WASHINGTON — American politicians used to establish their foreign policy credentials with, well, accomplishments: Service abroad; policymaking; years of study.
But for politicians aiming to become foreign policy heavyweights in a hurry these days, there’s shorter route: A single trip to the Middle East, followed by a round of speeches or panels back in Washington.
The model for this new route is, perhaps, President Barack Obama, visited the Middle East in a high-profile voyage as a senator. The latest examples are likely 2016 hopefuls Marco Rubio and Rand Paul, both of whom embarked on mirror-image trips to Israel and Jordan this winter, followed by a speech at the Heritage Foundation about the true meaning of conservative foreign policy (for Paul) and a Q&A session at the Washington Institute for Near East Policy (for Rubio). Mitt Romney went to the U.K., Poland, and Israel during his presidential run, and Chris Christie even visited Israel last year. It’s an approach designed for maximum impact in an era where outings can be documented in real time and a single photograph can go viral and define a trip.
Travel-as-experience is “a real trend, and I actually think this one is a net positive,” said Jonathan Prince, a former State Department official in the Clinton and Obama administrations. “What’s better preparation for being President of the United States, 20 years in congressional committee hearings, or five trips to the most important region in the world for American security? It’s not even a close call to me.”
“I’d much rather have someone who’s had meetings with Israeli prime minister, the Palestinian leaders, and other leaders like that than someone who’s just talked about them in Washington,” Prince said.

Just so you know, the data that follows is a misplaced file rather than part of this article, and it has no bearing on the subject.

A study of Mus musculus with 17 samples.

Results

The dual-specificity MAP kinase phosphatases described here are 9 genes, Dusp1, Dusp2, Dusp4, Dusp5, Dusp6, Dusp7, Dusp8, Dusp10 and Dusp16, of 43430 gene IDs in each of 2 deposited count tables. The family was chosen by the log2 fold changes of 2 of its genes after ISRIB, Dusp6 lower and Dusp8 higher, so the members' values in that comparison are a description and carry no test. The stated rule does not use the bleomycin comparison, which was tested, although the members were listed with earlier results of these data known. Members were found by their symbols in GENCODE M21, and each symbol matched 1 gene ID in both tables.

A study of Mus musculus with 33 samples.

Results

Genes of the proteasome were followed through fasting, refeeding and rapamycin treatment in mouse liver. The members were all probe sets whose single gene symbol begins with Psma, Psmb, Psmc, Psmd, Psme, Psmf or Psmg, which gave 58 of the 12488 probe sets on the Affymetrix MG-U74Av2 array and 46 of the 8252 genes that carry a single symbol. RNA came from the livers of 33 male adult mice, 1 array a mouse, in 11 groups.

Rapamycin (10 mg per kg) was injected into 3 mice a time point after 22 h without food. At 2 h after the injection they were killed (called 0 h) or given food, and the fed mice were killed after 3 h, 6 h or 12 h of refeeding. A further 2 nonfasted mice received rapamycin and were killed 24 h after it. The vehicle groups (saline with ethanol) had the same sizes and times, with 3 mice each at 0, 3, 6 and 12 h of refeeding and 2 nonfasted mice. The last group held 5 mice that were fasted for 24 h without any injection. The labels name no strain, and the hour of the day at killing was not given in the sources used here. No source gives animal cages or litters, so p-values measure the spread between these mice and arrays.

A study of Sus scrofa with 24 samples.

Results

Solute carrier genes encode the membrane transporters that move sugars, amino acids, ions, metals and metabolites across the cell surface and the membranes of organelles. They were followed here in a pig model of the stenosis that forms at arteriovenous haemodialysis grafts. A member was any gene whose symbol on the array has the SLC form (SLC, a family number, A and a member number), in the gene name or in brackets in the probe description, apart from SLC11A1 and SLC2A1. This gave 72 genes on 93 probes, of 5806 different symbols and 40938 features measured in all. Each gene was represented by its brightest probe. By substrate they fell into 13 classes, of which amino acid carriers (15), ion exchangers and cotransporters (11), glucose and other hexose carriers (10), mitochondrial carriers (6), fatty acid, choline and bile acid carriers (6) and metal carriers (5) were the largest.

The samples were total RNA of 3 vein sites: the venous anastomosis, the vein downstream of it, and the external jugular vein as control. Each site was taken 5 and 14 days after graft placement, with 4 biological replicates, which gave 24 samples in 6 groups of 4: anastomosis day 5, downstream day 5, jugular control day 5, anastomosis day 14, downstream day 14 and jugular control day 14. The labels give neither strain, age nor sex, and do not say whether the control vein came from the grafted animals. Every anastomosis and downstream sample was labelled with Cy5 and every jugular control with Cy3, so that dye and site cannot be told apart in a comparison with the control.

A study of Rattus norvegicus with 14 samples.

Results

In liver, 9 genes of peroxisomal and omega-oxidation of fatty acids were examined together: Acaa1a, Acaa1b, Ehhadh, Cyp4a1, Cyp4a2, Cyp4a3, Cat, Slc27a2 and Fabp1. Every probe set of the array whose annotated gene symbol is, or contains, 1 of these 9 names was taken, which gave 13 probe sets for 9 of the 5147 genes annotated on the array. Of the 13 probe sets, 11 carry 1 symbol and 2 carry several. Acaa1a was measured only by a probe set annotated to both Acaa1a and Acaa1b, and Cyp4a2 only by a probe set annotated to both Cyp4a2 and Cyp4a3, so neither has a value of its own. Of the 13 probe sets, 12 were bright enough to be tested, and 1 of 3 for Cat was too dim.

But veterans of foreign policy aren’t all so sanguine about the junket version of foreign policy experience. Older politicians learned the ropes the old-fashioned way, and some were primed for a career in foreign policy by their personal history.
“In the case of McCain and Jack Kennedy and Kerry, the three of them all served. They all were involved in combat situations. They were raised as internationalists,” said Aaron David Miller, a former State Department official and a fellow at the Woodrow Wilson Center in Washington, D.C.
“You know when someone is bullshitting you and when they’re not,” Miller continued. “Even though I don’t agree with McCain on policy issues I do respect his knowledge on foreign policy.”
Rubio and Paul, whose father Ron Paul is something of an outlier in his party on foreign policy, “don’t have that background,” Miller said. “At best in part these trips offer a way to compensate. People know, they get a sense of whether or not you know your stuff or whether you’re faking it.”
Still, Miller agreed with Prince that the new, more new media-friendly approach works — and that it’s just an updated version of the kinds of staged events politicians have always held.
“All of this is politically motivated, that’s the sine qua non of being viable in American politics,” Miller said. “You see this all the time. There’s a sense that you cannot be president without grounding yourself in certain relationships.”
And even veteran diplomats say that, whatever the symbolic goals, they’d rather politicians travel than that they stay home.
“I think it’s quite useful,” said former U.S. Ambassador to the United Nations Thomas Pickering. “The most important thing for them is to travel to a variety of places. I think the beginning is to be able to say something useful and legitimate about what’s going on, and my feeling is that is what they learn on these trips.”
“I think politics haven’t changed that much in 25 years,” Pickering said. “All the old tricks haven’t changed.”
At this point, the relationship-building expedition to visit U.S. allies, especially Israel, is more or less expected of people with presidential ambitions.
But “sometimes the craven and the creditworthy are the same,” Prince said. “Just because people expect it and you have to check the box doesn’t mean it’s not good to do.”